Rodriguez and the Astros avoided arbitration and reached agreement Tuesday on a $34 million, three-year contract.
The Astros said the contract will be finalized after Rodriguez takes a physical on Thursday. The deal includes a vesting option for 2014 that would increase the value to $44.5 million.
"This is one of the top left-handed starters in the game," general manager Ed Wade said. "[He was] a year away from free agency, so to be able to be able to do three years guaranteed, with a fourth-year option, made all the sense in the world for us."
Rodriguez was 11-12 with a 3.60 ERA last season. The 32-year-old lefty won eight of his last 10 decisions and had a 2.03 ERA over his final 18 starts, the best in the NL after June 24.
He is 62-64 in six seasons, all with the Astros.
Rodriguez gets a $1.5 million signing bonus and salaries of $7 million this year, $10 million in 2012 1and $13 million in 2013. The option is for $13 million with a $2.5 million buyout, and if Rodriguez is traded it becomes a player option.
Rodriguez made $5 million last year. He had asked for $10.25 million this year and the Astros offered $8 million. Rodriguez also said he wanted the Astros to make him a multiyear offer before Tuesday's team-imposed deadline to go to arbitration.
"I've been waiting for it for a long time," Rodriguez said on a conference call through an interpreter. "I was getting nervous as it was approaching. I'm very happy we were able to reach this agreement."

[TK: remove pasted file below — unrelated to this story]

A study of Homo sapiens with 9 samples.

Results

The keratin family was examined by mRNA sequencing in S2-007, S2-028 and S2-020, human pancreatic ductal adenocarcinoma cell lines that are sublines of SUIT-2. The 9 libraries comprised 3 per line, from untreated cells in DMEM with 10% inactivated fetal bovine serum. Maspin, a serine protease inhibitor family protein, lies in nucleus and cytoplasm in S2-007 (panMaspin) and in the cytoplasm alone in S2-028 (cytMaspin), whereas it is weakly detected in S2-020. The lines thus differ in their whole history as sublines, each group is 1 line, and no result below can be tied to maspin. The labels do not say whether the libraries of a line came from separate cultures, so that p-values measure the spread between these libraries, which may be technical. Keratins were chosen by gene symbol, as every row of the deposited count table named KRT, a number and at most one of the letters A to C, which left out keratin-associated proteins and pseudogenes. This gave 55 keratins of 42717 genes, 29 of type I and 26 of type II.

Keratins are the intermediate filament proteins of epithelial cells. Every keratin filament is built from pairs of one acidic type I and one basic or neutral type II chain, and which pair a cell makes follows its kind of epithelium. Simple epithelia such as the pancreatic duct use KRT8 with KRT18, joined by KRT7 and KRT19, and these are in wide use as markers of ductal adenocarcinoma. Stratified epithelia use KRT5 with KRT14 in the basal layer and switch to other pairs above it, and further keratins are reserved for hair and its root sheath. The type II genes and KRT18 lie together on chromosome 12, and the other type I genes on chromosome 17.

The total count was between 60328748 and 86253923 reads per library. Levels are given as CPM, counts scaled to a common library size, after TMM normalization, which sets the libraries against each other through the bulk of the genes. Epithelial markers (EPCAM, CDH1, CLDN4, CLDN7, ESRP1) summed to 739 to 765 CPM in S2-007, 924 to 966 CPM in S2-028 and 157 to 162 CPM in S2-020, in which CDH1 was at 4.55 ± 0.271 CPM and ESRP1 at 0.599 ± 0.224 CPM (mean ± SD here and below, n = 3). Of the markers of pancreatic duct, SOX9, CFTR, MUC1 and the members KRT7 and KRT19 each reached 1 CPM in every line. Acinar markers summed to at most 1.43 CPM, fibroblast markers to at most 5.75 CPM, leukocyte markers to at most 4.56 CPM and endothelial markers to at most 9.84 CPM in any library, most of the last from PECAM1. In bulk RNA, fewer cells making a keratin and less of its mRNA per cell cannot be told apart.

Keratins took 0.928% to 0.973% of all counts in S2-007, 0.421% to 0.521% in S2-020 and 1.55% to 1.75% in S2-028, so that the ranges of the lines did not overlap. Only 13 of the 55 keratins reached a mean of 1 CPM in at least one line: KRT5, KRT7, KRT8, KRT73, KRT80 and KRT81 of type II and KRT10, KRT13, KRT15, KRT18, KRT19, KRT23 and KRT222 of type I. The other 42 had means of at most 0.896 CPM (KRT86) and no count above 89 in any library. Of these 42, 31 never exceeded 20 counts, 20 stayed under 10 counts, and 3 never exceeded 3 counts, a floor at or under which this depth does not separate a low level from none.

Rodriguez finished last season with 13 consecutive quality starts, the longest streak by an Astro since Mike Scott had 15 between the 1986 and '87 seasons.
The Astros signed Rodriguez out of the Dominican Republic in 1999. He's 34-31 over the last three seasons, and ranks sixth among left-handers in ERA (3.36) and strikeouts (502) over that span.
"Wandy has made it clear that he loves it here and he wants to be a part of the Astros," Wade said. "He's a guy who's come through our system and we're excited to be able to extend that relationship."
The Astros were not able to sign right fielder Hunter Pence to a deal and will go to arbitration. Pence, a second-round draft pick by the Astros in 2004, shook off an early season slump in 2010 to hit .282 with 25 home runs and a career-high 91 RBIs.
Pence is asking for $6.9 million next season; the Astros are offering $5.15 million. Pence made $3.5 million last season.
"We view him as a cornerstone of our ballclub," Wade said. "I'd much rather be talking about baseball accomplishments then the business side of our game. But the reality is that it is a business, and sometimes you have to go through the process, and see where it leads."